Google Developer Group Kathmandu organised its latest iteration of the GDG DevFest at Blue Star Events, Thapathali, on Saturday. The event comprised of talks by influential speakers and workshops targeted for developers to enhance their skills and to build their connections.

Previously known as Google Technology User Group, Google Developer Group (GDG) Kathmandu is a community of Google technology enthusiasts and users in the Valley. The group has been organising such educational meets since 2009. And today, there are more than 750 such communities in more than 120 countries, with three groups based in Nepal itself, in Kathmandu, Birgung, and Dang. The communities focus on exploring the use of Google products according to where they are based in.

“When we first started, we were just a group of individuals brainstorming our ideas and sharing feedback to improve our skills,” said Suresh Ghimire, founding member of Google Developers Group Kathmandu. “Now the community has grown strong, both by number and by the skills of the members.”

The event on Saturday entailed discussions on the necessity of Artificial Intelligence, the rapid growth of technology and the use of technology in the development of a country. The workshop sessions at the event also provided participants an opportunity to learn to use TensorFlow (an open source machine learning framework) and Google Cloud Platform (a suite of cloud computing services that runs on the same infrastructure that Google uses internally for its end-user products). The fest also provided attendees a month-long free access to a few online learning platforms.

This year’s event also saw the presence of representatives from Google itself. Melissa Powel, global programme manager and products design expert at Google, was one of the keynote speakers at the event. She held an interactive session providing an insight into GDG Meetups, Google Design Sprint Methodology, and studies from her work experience. Speaking at the event, she said she was blown away by the number of activities happening here in Nepal in the developer community.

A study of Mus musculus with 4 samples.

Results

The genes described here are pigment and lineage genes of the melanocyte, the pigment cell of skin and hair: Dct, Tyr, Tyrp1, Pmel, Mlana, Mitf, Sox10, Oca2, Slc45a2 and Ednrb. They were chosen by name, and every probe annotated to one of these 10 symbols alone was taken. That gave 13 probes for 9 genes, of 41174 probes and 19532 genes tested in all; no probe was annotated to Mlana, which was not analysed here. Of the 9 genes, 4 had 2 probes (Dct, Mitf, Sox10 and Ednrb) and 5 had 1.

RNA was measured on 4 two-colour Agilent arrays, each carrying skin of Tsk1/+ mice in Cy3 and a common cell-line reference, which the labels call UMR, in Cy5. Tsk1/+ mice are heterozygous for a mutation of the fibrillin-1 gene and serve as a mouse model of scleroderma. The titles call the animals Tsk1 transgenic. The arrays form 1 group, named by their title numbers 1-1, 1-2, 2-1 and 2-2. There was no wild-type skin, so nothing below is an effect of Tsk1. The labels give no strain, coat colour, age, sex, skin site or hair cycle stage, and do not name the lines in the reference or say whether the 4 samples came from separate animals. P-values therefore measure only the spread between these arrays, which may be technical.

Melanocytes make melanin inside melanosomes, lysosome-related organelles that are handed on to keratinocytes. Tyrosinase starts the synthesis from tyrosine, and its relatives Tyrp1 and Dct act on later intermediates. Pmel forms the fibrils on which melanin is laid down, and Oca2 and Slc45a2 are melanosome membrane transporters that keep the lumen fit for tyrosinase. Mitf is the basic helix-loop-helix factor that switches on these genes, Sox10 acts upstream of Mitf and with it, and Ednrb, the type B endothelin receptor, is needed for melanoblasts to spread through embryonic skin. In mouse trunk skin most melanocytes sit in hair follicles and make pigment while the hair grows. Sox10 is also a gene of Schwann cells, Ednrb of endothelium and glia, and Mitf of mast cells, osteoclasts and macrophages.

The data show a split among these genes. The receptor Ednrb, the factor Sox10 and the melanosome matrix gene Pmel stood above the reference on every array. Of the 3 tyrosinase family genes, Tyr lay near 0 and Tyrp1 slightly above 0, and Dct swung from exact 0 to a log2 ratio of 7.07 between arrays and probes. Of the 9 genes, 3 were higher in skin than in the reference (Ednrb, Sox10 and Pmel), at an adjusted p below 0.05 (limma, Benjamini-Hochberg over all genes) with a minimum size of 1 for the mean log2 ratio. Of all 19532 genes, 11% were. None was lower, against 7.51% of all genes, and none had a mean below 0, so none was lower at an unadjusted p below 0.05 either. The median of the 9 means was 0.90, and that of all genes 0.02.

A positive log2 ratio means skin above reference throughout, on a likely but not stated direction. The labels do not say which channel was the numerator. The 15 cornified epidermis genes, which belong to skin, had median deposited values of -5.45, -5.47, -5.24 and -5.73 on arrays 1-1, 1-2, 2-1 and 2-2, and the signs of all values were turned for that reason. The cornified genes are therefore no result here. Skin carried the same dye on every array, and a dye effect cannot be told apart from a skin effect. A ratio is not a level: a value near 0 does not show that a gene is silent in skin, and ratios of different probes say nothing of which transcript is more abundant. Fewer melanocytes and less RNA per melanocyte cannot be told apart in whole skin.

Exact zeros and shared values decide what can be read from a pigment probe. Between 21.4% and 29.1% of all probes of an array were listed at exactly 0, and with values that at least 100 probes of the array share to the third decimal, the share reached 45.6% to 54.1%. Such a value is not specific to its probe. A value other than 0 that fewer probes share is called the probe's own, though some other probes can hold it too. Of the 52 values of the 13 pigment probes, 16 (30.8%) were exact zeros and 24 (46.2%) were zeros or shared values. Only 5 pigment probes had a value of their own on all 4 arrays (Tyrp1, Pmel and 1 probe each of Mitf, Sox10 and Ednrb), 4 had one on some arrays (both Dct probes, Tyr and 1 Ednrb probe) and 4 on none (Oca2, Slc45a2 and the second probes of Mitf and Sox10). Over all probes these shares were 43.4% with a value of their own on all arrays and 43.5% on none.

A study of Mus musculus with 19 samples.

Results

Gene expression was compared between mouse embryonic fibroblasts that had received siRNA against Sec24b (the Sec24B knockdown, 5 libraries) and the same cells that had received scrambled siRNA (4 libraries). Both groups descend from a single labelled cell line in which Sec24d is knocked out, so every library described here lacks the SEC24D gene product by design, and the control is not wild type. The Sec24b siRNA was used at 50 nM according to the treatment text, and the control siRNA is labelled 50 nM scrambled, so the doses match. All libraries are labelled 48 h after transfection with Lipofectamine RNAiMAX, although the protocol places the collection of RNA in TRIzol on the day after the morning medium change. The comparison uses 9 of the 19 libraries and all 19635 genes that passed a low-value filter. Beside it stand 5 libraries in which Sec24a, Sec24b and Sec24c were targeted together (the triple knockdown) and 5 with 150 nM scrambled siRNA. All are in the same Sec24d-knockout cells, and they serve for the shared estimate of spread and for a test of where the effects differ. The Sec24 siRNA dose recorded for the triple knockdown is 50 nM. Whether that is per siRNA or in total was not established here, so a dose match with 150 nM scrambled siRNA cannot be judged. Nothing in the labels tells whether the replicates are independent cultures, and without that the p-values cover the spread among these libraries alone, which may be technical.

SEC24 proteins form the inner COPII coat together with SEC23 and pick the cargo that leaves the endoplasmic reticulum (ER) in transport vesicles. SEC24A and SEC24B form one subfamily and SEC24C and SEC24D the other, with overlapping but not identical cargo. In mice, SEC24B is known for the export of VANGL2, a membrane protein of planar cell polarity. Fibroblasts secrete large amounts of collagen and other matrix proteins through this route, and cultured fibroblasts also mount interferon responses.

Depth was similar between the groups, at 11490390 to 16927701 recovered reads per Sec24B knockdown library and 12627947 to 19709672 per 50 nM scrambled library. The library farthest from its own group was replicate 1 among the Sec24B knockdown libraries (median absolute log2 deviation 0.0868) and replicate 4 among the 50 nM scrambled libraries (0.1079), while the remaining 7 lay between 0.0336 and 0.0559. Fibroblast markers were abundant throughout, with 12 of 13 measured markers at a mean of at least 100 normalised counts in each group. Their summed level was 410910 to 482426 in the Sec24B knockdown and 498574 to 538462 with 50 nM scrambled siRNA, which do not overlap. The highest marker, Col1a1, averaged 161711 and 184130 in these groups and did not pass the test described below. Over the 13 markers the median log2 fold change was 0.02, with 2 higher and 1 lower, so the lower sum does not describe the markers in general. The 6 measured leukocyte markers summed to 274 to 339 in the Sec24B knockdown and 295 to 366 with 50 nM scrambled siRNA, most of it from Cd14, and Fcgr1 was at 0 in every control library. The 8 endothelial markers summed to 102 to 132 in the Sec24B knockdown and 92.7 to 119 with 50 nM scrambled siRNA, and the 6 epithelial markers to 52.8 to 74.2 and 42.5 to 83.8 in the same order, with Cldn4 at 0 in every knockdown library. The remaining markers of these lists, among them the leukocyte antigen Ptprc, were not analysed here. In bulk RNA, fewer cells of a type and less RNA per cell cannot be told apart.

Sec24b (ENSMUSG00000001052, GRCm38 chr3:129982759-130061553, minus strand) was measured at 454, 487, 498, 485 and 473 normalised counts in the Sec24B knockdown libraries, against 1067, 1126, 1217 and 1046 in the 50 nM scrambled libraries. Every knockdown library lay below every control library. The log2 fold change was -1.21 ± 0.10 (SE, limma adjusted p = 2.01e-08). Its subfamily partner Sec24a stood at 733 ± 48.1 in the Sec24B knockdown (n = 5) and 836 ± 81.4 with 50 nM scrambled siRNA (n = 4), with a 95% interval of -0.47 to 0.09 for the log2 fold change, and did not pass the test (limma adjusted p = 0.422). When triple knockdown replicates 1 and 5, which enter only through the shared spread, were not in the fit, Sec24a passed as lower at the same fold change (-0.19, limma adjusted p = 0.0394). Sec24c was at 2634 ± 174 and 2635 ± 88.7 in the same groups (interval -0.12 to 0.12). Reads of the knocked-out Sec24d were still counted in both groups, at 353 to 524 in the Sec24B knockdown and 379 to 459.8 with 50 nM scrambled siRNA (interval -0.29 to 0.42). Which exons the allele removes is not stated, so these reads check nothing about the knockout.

Along with being a beneficial fest for attendees, the event is also a useful platform for Google, says Powel. “One of the top benefits of the programme is not that we’re able to provide content to more people but that more people can tell us what works and what doesn’t,” said Powel, as the feedback Google gets helps them work on product improvement, resulting in them providing better services to people.

A team of video creators from Google was also present at the event, where they were documenting the proceedings of the event with the assistance of a couple of Nepali videographers. “What we do with our videos is tell stories about how technology can improve the lives of so many people,” said Brian Grady, senior video producer at Google. “The DevFest documentary can help influence other communities to form GDGs at places where there is an absence of such a community. These videos can be examples to any tech enthusiast.”

Owing to such events, people in Nepal are getting an opportunity to hone their skills and acquire more knowledge in the field of technology. And taking into account the number of hands raised and questions being asked at the event, it wouldn’t be wrong to suggest that there is a rapid growth in interest and participation in the field of technology in the country.